As we celebrate the incarnation anew, fixing our minds on the wonders of the mystery of Christ, let’s remember the presence and activity of the Spirit in the events surrounding the nativity. The Spirit who was forming a human nature for the Son in the womb of the virgin Mary and bringing the Son back from the dead in the darkness of the tomb is the same Spirit who indwells believers and conforms us to the image of the Son. That’s the Spirit of Christmas we most desperately need.
Written by Nicholas T. Batzig |
Sunday, December 31, 2023
One of the most neglected parts of the incarnation accounts in the gospel records is that which touches on the presence and activity of the Holy Spirit in the life and ministry of Christ. We rightly wonder at the coming of the eternal Son of God into the world in true human form while wrongly neglecting to wonder at the accompanying role of the Spirit of God in the ministry of the Redeemer. Some of that is understandable. What greater mystery can there be than the mystery of Christ? He is the eternal mystery of God (1 Tim. 3:16). All God’s revelation points to Him, and everything necessary for salvation flows from Him (Col. 1:15-22; Heb. 1:1-3). Yet, throughout the gospels the Spirit is revealed as the accompanying agent of redemption. He was active, from start to finish, in the life and ministry of Christ. This opens the important question, “Why was it necessary for the Spirit to be at work in the life and ministry of Christ from the virgin conception to his resurrection from the dead?”
1. The Spirit came to indwell Jesus to sustain him as the Last Adam. The Spirit was the agent of the virgin conception, the anointing of Christ for ministry as Prophet, Priest and King at His baptism, and the leading of Christ into the wilderness to be tempted by the evil one. The Spirit is also the one by whom Christ cast out demons and overcame the kingdom of darkness. He was indwelling Christ as the Last Adam in order to enable Him to present Himself without blemish to God on the cross. The Spirit is also said to be the agent by whom Jesus was raised from the dead (Rom. 1:4; 8:11).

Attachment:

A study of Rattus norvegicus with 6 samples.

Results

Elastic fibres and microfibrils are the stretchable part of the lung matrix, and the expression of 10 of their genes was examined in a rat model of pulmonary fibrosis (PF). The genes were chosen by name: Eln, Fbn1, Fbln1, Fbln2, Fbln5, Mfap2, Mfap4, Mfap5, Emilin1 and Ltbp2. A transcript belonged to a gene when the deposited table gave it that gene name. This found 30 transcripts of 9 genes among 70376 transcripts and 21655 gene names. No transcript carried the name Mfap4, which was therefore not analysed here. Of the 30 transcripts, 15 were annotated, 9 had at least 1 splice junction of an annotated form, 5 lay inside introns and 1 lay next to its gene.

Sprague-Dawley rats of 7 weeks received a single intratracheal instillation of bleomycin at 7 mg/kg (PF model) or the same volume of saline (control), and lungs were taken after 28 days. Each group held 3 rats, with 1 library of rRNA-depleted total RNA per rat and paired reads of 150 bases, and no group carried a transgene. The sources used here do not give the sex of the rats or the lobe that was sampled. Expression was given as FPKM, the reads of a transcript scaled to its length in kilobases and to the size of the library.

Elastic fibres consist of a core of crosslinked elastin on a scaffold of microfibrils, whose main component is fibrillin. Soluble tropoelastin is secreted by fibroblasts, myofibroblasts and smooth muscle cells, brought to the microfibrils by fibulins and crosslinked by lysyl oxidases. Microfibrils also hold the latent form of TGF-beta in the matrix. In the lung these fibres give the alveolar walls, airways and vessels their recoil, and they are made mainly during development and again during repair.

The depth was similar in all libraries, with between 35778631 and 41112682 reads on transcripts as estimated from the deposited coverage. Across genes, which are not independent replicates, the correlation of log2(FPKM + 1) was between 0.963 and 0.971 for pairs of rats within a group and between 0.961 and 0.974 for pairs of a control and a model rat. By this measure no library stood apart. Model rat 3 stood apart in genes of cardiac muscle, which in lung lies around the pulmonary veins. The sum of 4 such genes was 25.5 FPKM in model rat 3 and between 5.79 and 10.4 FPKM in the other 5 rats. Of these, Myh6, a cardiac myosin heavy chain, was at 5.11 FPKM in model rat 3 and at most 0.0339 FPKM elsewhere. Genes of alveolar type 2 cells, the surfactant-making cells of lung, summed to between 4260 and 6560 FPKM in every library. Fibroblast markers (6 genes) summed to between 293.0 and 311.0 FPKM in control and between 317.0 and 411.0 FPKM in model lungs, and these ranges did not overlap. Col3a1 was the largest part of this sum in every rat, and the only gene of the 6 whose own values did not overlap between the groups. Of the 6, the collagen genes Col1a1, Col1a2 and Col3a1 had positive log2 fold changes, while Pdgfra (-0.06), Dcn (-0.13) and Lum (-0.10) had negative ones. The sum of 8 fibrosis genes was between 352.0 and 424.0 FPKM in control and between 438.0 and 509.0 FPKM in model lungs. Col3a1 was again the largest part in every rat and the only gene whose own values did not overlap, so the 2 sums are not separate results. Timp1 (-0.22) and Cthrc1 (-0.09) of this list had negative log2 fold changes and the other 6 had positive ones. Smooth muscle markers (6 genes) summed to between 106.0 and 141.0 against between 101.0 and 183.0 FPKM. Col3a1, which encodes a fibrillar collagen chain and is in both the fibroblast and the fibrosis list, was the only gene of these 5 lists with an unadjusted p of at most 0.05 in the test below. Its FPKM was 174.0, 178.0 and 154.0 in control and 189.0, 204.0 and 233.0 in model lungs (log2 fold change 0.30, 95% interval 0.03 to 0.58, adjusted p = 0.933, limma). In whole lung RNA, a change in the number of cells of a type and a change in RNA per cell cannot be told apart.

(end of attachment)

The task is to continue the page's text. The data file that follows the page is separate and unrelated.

To be the head of the new redeemed humanity, Jesus had to do all that he did in humble reliance upon the Holy Spirit. This began even before His birth. When Mary asked the Angel Gabriel how she would carry the Redeemer in her womb, since she was a virgin, Gabriel told her, “The Holy Spirit will come upon you, and the power of the Most High will overshadow you; therefore the child to be born will be called holy—the Son of God” (Luke 1:35). Just as the Spirit hovered over the waters of creation, so He hovered over the virgin Mary at the great work of bringing about the new creation through the incarnation of the Son of God.
Christ was dependent upon the Spirit for His miraculous works. If Jesus had simply performed miracles by his divine nature, then the divine nature of the eternal Son would have imparted to the human nature something (e.g. omnipotence) that is not proper to human nature and so destroy the human nature. Jesus acted as fully God and fully man in one person in all that He did. However, as the Last Adam, he had to rely on the Spirit to impart to him the grace He needed to do such things as perform miracles of healing.
Jesus also needed the Holy Spirit for His own consecration and to sustain Him in sinlessness. Fallen humanity doesn’t not need a superhuman holiness; what we need is a human holiness.